First-quarter results are in for communications giant AT&T (T), so let's take a look at the numbers. AT&T reported first-quarter earnings of 53 cents per share compared to 57 cents per share a year ago. The company saw its earnings lowered a nickel by non-cash pension and retiree benefit costs, which was in line with the firm's full-year outlook. Excluding this charge, the company matched the consensus estimate for earnings of 48 cents per share. With quarterly net income dropping, revenue slipped 0.6 percent compared to a year ago. The $30.6 billion in revenue that AT&T logged was slightly lower than the $31.12 billion the Street expected.
While the first-quarter results dropped nine percent, AT&T added 1.2 million wireless customers thanks to 1.6 million iPhones activated in the first quarter. Mobile sales increased 9.8 percent to $11.7 billion, which was excellent news for the communications firm, as it offset the company's drop in traditional phone business. AT&T also saw 284,000 new customers for its U-Verse video service, which lifted its total service customers to 1.3 million.
Will investors be impressed with AT&T's report? Earnings matched expectations, U-Verse increased, and iPhone activations increased -- what's not to like? I have a major reservation, though. AT&T's results were stronger than the Street expected, but was it AT&T's doing or was it Apple's (AAPL)? Even with the massive number of iPhone subscribers, AT&T's earnings still fell 9.7 percent, which was partially caused by spending on iPhone subsidies (I'll deal with that in a moment). Without the iPhone, what would have happened to the company's mobile subscribers? I feel rather confident in guessing that AT&T wouldn't have managed to activate as many of its "regular" mobile phones during the quarter, which would probably have led to lower results. This is all theory, but I definitely wonder of mobile phone sales would have increased nearly 10 percent without the iPhone.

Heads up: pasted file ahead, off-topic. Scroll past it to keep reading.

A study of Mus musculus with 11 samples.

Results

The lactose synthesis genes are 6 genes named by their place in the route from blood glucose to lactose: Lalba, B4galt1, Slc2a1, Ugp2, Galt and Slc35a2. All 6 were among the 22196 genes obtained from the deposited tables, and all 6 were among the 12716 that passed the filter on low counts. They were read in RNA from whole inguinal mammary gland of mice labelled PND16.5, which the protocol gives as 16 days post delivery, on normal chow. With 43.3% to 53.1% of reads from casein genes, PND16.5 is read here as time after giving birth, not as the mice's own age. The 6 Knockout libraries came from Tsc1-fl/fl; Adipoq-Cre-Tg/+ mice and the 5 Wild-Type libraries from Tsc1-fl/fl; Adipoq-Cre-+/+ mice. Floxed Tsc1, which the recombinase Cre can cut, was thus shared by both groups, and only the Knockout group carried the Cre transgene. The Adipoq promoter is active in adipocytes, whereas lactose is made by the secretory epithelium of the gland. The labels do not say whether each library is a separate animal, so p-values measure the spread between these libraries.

Now, on to the double-edged part of iPhone exclusivity. AT&T actually blamed some of its first-quarter percentage drop on spending on iPhone subsidies. Remember, AT&T and Apple made a deal where AT&T will pay the upfront cost for the iPhone and will then subsidize the total cost by making customers agree to a two-year service contract. Well, it turns out that those upfront payments by AT&T ended up hurting results, since Apple isn't going to give a price break to AT&T. Perhaps thinking more about its customers hurt AT&T more than it should have, as the company made a sacrifice to make sure the wildly popular iPhone would be available. Of course, was it thinking about the customer, or was it seeing dollar signs thanks to Apple's technology? Either way, the iPhone both helped and hurt the company. What will be interesting is how the iPhone helped or hurt Apple, which reports earnings this afternoon. Was Jobs's company helped by this subsidy? We will soon find out.
I'm not sure that these results are going to help shares of the telecom giant push through resistance at the $26.50 level. This region has been a bit of a bugaboo for AT&T lately, as it has capped recent attempts at a run higher. Furthermore, AT&T's 20-week and 10-month moving averages are descending through this region -- potentially adding another layer of resistance.